NEW HAVEN — Senator Chris Murphy (D-Connecticut, was presented with the 2017 Veterans Justice Award from the CT Veterans Legal Center (CVLC) on Thursday, Nov. 9, according to a press release.. The award, officials said, is the centerpiece of an annual event to raise funds for Connecticut veterans in need of legal representation. Murphy shared the stage with a second honoree, Point72 Asset Management, a Greenwich-based hedge fund. Founders Perry Boyle and Mike Towey are active with CVLC, both as providers of free representation to veterans and as significant donors.
The award coincides with a push by Murphy to move his “Honor Our Commitment Act” toward a vote. Murphy wrote the bill, which would require that all combat veterans with an other-than-honorable discharge suffering from Post Traumatic Stress Disorder (“PTSD”) be treated, even if their symptoms caused them to leave the military under less-than-honorable circumstances, according to the release.
“Currently, only 1 in 10 veterans nationwide has access to health care from the federal Veterans Administration system. One reason so few veterans can claim the lifetime healthcare they were promised at recruitment is their discharge status,” members of the CVLC said in the release. “Any final discharge short of ‘honorable’ renders a veteran ineligible, even if that veteran served heroically in combat. CVLC is a nationwide advocate of representing veterans who believe their discharge status failed to fairly reflect the impact of mental health conditions on their actions, and has filed hundreds of claims for upgrading discharge status with the Department of Defense. CVLC staff applauded Murphy’s bill, which has as helped raise the profile of how “bad paper” discharges create life threatening problems for veterans.”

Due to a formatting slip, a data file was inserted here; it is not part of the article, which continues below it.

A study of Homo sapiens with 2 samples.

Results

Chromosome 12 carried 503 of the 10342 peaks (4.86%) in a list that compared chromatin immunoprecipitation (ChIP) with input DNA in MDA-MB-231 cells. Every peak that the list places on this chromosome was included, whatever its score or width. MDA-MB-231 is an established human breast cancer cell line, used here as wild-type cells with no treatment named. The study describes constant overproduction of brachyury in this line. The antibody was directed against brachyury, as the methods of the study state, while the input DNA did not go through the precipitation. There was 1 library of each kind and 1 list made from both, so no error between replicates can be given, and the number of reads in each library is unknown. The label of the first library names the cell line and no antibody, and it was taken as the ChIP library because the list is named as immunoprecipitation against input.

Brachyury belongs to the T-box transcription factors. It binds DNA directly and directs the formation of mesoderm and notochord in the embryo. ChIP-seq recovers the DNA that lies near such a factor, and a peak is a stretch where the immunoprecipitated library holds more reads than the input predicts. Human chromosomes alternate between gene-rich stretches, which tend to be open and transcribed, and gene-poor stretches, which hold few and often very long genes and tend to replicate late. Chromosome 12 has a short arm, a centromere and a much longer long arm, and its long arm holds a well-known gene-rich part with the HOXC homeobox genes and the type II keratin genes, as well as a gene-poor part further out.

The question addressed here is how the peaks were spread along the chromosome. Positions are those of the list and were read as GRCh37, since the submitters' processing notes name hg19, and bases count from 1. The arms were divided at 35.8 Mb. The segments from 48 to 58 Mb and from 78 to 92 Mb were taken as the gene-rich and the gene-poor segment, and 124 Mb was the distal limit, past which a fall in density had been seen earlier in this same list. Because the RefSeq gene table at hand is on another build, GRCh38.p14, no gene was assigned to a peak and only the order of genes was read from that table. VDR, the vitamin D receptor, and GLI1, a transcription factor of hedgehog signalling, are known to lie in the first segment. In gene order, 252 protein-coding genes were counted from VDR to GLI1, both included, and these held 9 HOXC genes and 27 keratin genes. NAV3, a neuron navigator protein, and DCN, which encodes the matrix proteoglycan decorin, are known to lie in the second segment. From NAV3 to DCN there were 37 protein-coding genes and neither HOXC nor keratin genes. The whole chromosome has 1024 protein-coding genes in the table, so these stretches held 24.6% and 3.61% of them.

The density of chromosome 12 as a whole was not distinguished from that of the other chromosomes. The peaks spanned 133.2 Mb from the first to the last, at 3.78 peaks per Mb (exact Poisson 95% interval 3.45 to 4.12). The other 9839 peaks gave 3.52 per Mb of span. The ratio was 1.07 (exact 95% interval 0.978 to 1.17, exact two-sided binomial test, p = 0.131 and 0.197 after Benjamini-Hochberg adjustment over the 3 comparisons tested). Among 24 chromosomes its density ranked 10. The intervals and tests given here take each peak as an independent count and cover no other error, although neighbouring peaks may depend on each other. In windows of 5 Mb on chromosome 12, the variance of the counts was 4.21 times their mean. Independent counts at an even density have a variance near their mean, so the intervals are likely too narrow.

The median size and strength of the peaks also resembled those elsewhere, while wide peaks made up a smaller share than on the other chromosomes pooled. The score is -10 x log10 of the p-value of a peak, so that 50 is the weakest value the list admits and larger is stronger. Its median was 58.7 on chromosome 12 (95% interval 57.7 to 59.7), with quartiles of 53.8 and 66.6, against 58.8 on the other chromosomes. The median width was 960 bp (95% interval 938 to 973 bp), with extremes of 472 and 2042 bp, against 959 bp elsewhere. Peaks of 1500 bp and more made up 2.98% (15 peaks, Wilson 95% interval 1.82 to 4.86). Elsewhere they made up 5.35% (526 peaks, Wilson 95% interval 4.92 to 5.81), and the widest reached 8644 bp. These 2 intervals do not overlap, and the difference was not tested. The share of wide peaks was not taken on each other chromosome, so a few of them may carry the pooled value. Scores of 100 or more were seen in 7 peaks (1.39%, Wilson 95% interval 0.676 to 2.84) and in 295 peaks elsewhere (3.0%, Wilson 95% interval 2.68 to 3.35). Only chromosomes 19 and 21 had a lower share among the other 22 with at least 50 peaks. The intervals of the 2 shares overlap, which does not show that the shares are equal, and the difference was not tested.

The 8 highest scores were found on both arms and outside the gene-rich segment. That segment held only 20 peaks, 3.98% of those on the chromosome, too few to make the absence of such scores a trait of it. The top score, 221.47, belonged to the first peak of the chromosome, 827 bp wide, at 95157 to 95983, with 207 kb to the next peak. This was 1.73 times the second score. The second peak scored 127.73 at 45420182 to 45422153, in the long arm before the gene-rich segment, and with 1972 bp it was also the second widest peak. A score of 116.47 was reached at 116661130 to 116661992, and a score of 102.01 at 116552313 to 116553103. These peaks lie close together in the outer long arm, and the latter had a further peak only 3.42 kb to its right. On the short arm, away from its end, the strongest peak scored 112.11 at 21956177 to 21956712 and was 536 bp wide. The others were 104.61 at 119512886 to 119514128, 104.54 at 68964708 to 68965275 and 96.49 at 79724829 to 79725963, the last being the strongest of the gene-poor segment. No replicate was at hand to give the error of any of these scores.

“Every day, CVLC helps Connecticut veterans recovering from homelessness and mental illness get back on their feet,” Murphy said. “I’m grateful for their work and honored to earn their recognition. I introduced the Honor Our Commitment Act because the men and women who risk their lives for our country and suffer the wounds of war should never be denied the care they need. This bill does right by our veterans - it’s the least we can do for them - and I’ll keep fighting in Congress to make sure it becomes law.”
According to CVLC’s Executive Director Margaret Middleton, the annual award is intended to highlight an individual whose long term commitment to Connecticut’s veterans is notable.
“Sen. Murphy truly never forgets the special debt we owe to veterans. Our Connecticut delegation as a whole is solidly onboard for veterans,” she said. “But this year in particular, Senator Murphy has gone the extra mile. If you go on his web site and search the word ‘veteran’ it’ll come up with 188 documents. Every single one of those mentions represents an area where he has taken action for our veterans.”
Murphy has taken up the causes of a number individuals, as well as sponsoring or co-sponsoring multiple bills responding to the needs of veterans. Recent examples include the Honor Our Commitment Act, which would require the VA to provide mental health and behavioral health services to former combat veterans who received other-than-honorable or bad paper discharges. Up until recently, the VA denied it had the legal authority to provide any care to these veterans, and now will only provide limited emergency care. The Senate Appropriations Committee recently passed the bill as part of the FY2018 Military Construction, Veterans Affairs Appropriations bill.
Murphy helped secure $37.8 million in federal funding for Community Health Centers in Connecticut. Such centers provide the primary, “frontline” care to many vulnerable groups, including 330,000 veterans nationwide.
Mohammed Wardeh, a Danbury man who arrived in the U.S. as an asylum seeker, served the U.S. in the National Guard, and has now, with Murphy’s help, become a citizen of the U.S.